Kentucky Motorcycle Accidents
Motorcycles are powerful, usually loud, and provide riders with a unique experience of being open to the outdoors at a very high speed. That very openness also means that there is very little protection for riders when something goes wrong: No strong metal compartment to keep the rider from smashing into objects or slamming into the road surface at high speed. This is exacerbated by the absence of safety devices and restraints common to passenger cars, like airbags and seat belts.
Sturdy clothing and safety helmets are pretty much all that stand between a motorcycle rider’s body and anything the rider crashes into, and these provide scant protection in accidents involving speeds like 50 or 60 miles an hour. Those forces are doubled if, for example, the motorcycle is traveling 50 miles an hour when a truck also traveling 50 miles per hour crashes into it head-on.
Despite the obviously increased danger of severe injury and death when there is an accident, motorcycles remain extremely popular with many people for both transportation and recreation.
Background And Statistics
National Highway Traffic Safety Administration (NHTSA) data for 2015 shows that, nationally, there were 4,976 motorcyclists killed (an increase over 2014 of 8 percent) and another 88,000 motorcyclists who suffered injuries but survived (a decrease of 3 percent from 2014). On a per-mile-traveled basis, motorcycles were 29 times more likely to be involved in an accident than were passenger car occupants.
In Kentucky in 2015:
- 100,018 motorcycles were registered in Kentucky.
- 1,778 motorcycles were involved in collisions.
- Motorcycles were far more heavily represented in fatal collisions (7 percent of all fatal collisions) than in nonfatal collisions (1 percent).
- 1,272 people were injured in motorcycle accidents.
- 87 motorcyclists were killed in accidents.
- 25 percent of those killed had a blood alcohol level of 0.01 or higher.
- 20 percent had a blood alcohol level of 0.08 or higher.
- 11 percent had a blood alcohol level of 0.15 or higher.
Kentucky Helmet Law
While Kentucky once required that all motorcyclists wear helmets, that law was changed almost 30 years ago to limit the requirement of wearing a helmet to very narrow groups of motorcycle operators:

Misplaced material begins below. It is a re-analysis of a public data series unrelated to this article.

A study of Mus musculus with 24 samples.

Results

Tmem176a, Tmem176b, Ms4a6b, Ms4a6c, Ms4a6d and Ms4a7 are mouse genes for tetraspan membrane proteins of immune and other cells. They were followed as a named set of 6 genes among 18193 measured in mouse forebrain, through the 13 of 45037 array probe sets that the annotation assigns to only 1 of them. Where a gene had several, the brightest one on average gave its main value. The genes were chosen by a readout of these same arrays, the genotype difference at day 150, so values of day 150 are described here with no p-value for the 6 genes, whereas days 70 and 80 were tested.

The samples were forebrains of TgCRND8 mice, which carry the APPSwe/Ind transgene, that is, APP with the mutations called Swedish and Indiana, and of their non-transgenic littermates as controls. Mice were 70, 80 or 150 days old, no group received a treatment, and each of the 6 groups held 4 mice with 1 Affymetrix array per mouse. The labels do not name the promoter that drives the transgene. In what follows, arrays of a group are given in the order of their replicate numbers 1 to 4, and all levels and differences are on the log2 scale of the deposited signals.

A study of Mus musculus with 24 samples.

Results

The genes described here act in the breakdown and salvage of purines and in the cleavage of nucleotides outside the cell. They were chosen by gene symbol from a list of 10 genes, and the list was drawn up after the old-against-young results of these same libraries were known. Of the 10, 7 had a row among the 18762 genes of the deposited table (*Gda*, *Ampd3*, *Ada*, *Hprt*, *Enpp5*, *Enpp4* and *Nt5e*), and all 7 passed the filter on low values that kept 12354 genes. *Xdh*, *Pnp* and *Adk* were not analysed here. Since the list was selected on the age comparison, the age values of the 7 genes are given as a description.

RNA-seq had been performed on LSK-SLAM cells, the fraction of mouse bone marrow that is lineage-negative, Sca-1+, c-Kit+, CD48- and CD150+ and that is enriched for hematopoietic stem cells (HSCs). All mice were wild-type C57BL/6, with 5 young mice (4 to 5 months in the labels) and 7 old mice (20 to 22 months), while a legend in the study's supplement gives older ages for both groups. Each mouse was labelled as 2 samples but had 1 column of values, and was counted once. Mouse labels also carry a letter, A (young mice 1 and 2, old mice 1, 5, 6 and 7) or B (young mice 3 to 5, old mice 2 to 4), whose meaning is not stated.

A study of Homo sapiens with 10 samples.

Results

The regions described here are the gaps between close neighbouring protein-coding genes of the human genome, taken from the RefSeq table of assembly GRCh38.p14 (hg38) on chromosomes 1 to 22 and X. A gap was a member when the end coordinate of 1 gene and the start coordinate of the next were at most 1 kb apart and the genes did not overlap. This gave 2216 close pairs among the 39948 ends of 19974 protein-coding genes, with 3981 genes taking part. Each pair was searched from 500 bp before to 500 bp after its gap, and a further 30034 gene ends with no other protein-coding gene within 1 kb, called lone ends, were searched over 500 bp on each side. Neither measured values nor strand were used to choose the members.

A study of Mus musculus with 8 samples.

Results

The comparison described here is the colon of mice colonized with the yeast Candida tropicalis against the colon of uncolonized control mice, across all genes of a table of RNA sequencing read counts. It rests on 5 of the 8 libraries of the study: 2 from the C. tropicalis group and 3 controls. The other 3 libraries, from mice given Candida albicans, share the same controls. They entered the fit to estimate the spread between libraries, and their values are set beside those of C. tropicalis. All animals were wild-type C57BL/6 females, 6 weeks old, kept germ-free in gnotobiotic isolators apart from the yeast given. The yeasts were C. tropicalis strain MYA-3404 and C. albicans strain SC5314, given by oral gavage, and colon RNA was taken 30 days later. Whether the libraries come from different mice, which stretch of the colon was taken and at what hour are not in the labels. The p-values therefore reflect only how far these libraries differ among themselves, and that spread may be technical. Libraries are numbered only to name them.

- Those under 21 years old
- Those holding only a motorcycle instruction permit
- Those who have been fully licensed for less than one year
Disputing Claims That The Motorcyclist Was At Fault
It is common for the defendant in a motorcycle accident case to blame the motorcyclist’s actions for causing or at least contributing to the accident. Typical claims include that the motorcyclist was:
- Speeding (exceeding a posted speed limit or simply going too fast for the conditions at the time and place of the accident)
- Riding dangerously in some way (weaving in and out, passing in an unsafe manner, etc.)
- Under the influence of alcohol or other drugs
These claims require considerable effort and experience to rebut, and rebuttal is crucial to the motorcyclist’s right to recover damages.
Single Vehicle Accidents
If a motorcycle accident involves another vehicle or several vehicles, there will usually be both multiple witnesses and the kind of wreckage and debris that often makes it possible to recreate the accident in great detail. If no other vehicle is involved, as when the motorcycle goes into a skid, or simply crashes into a fixed object like a guardrail or a building, there may not be any other witnesses, and the crash scene may not establish why the motorcycle accident occurred.
Even though these kinds of accidents are often caused by factors beyond the control of the motorcyclist – from defects in the motorcycle itself to animals or debris in the roadway that caused the motorcyclist to swerve violently – for many people, including some law enforcement officers, motorcyclists still have a bad image. That makes it easy for the investigating officers to lay responsibility for the accident on the motorcyclist by presuming that the rider was speeding, reckless, inexperienced or the like. Anyone who might be potentially liable has an obvious interest in hiding behind the report.
For the motorcyclist, these can be difficult cases, but an experienced Kentucky motorcycle accident lawyer can see beyond the conclusions in the police report and examine the tangible evidence to see if the accident report is justified.
Legal Help For The Injured In Kentucky
Serious motorcycle accidents produce some of the most severe injuries imaginable: paralysis, brain damage, disfigurement, amputations and many other injuries that affect the victim’s remaining life. And, of course, many victims die from their injuries. Recovery from the people responsible for these injuries is crucial for victims and their families.
You need lawyers equal to the task of standing up for you and your rights. At the law firm of Lowder & McGill PLLC, we will persistently and aggressively pursue your claim until you receive a fair award, whether that be through a settlement or at the end of a trial. Whether you have been injured or are pursuing a wrongful death claim on behalf of the victim and family, call Lowder & McGill PLLC today at (270) 255-3980 to speak with an experienced Kentucky motorcycle accident attorney. There is no charge for talking to us and no fee for handling your case unless you recover. If you are too injured to travel, just let us know, and we’ll come to you.